At the beach the other day, I ended up in a conversation with a tourist — let’s call him Andrew — who asked me what I did for work. After telling him I owned a school, he mentioned that he’d run a summer camp for 25 years, but that he’d recently given it up. When I asked him what happened, he simply said: “Smartphones happened.”
As we chatted, he explained that one of the great things about summer camp has always been that kids develop their independence and need to make decisions on their own. In the past, a child would look at a t-shirt and ask Andrew, “Do you think I should buy this for my mom?” and he would give them space to make up their own mind by asking, “Well, what do you think? Do you have enough money? Do you think she’d like it? You know your mom. Think about it and decide what’s best.”
But in more recent years, everything changed. Now, all a child has to do is snap a picture of the t-shirt, send it to their mom, and ask if they should buy it for her. The response comes immediately. No need to think for themselves, no need to weigh up the pros and cons and take a decision. Mom makes the decision for them.
Realizing that the benefits of going to summer camp were being lost with the advent of the smartphone and 24/7 connectedness with parents, Andrew lost heart and decided to give it up. And I completely understand his frustration.
On the other hand, as a parent, I know how hard it is to stand back and let your children struggle with tough decisions, make mistakes, and learn from them. In this time of instant communication, giving our children the space they need to become independent is even harder — and yet, it’s so necessary. So how can we foster independence in an age of constant communication? Here are a few tips for parents to make the balancing act easier:
Learn to say, “What do you think?”
When children text us to ask a question, we don’t have to give an immediate answer or solve the problem for them. Throwing the question back at them makes them think things through for themselves, while also letting them know that we trust them to make their own decisions.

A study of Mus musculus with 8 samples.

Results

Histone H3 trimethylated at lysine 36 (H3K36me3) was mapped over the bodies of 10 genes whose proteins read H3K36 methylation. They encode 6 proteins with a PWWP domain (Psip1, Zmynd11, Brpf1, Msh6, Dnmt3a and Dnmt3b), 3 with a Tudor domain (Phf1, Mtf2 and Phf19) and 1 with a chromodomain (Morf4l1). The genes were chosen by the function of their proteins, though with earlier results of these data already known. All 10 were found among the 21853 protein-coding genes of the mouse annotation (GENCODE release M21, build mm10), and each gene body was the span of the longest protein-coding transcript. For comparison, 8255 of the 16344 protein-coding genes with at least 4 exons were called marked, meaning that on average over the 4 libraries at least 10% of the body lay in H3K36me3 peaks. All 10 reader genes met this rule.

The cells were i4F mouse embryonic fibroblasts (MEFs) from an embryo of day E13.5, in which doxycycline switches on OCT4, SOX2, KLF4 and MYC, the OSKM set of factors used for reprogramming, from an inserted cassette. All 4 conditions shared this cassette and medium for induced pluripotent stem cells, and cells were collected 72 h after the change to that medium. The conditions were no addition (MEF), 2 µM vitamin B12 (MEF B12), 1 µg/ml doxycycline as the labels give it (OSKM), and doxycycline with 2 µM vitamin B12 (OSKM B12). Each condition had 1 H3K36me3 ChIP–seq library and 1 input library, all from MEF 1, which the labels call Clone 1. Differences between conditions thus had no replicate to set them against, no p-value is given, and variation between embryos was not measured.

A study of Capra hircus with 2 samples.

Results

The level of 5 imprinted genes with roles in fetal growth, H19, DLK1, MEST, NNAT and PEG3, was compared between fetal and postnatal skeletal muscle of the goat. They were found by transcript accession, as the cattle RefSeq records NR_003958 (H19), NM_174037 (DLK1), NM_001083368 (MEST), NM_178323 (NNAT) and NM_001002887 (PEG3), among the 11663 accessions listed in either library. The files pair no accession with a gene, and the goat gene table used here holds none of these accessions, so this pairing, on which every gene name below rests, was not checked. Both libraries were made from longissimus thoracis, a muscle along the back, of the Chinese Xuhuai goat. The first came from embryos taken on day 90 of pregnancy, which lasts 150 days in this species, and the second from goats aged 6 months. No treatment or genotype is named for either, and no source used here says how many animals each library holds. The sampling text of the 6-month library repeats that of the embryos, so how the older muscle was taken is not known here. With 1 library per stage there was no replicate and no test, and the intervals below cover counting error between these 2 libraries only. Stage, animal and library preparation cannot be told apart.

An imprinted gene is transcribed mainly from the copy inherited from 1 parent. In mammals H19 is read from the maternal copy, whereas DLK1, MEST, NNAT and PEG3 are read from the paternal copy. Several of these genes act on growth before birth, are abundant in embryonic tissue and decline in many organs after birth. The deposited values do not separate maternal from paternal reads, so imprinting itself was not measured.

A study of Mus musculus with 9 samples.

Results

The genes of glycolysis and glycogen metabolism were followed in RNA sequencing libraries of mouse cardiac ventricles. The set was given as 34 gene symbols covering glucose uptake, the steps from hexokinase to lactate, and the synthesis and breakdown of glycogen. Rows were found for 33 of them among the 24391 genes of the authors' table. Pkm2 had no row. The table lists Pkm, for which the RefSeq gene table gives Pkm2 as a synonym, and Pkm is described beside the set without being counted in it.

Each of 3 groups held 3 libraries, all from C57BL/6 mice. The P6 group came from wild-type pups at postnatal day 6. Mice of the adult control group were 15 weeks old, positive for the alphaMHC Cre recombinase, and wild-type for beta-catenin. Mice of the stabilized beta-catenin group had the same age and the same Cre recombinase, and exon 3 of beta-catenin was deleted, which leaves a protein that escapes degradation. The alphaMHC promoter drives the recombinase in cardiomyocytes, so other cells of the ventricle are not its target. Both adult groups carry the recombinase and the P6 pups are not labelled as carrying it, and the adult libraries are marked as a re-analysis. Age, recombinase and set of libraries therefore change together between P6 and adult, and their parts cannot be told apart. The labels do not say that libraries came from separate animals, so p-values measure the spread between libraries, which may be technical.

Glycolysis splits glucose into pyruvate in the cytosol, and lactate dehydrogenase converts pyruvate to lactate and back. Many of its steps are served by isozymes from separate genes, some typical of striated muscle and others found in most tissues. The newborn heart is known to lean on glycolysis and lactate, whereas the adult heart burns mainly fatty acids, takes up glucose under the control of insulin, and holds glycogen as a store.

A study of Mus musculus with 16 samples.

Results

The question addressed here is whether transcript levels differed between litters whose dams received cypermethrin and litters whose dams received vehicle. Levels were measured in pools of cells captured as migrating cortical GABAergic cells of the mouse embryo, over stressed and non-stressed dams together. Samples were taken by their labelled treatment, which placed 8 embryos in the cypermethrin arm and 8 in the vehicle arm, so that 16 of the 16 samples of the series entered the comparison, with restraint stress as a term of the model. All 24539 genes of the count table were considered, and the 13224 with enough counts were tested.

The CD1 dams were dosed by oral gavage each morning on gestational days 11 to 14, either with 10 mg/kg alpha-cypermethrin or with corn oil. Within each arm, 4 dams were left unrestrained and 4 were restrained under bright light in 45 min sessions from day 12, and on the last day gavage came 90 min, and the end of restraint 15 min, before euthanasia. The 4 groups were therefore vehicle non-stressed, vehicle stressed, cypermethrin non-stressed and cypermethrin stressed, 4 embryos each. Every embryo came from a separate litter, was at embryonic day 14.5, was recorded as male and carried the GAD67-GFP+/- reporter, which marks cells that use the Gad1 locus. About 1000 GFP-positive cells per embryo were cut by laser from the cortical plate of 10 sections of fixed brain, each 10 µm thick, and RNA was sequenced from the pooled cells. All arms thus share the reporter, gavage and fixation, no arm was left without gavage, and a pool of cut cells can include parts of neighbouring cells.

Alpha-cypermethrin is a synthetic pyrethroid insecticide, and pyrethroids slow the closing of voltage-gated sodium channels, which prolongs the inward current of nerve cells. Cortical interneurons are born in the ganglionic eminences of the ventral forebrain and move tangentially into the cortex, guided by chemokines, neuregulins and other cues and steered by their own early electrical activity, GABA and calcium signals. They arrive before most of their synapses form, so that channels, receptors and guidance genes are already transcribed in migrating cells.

Don’t answer messages from them when they’re at school.
Set rules with your children. Let them know that if they’re sick or they have an emergency, they should go to the office and ask to call you. If it’s not important enough to go to the office, it can wait until they come home. If they forgot the materials they needed to give their presentation, they’ll have to explain the situation to the teacher and pay the consequences. Don’t save them. This is how they learn.
Don’t text them when they’re at school or at an extracurricular activity.
Just don’t. Give them space. If you get a message from a teacher about the homework they didn’t do, wait till they get home to discuss it. If you’re angry because they didn’t do their chores, again: wait until they get home to discuss it. Text messages can sound harsh and scary. In a face to face conversation your words may be firm, but you can deliver them with a loving tone of voice and accepting body language. Over and over again teachers observe that when students receive angry text messages from their parents, they get nervous and shut down. When that happens, the learning is over for the day…just the opposite of what parents want.
Following these three simple rules will help your children grow up to become independent adults. Although constantly hovering over our children to save them from tough decisions or emotions may feel like good parenting, it’s not. In the heat of the moment, when we feel angry or frustrated, it can be tempting to shoot off a text message but we need to keep our long term goal in mind. Except for emergencies, put that smartphone away.
Show your children you trust them and they will become trustworthy. Give them space to grow and they will thrive.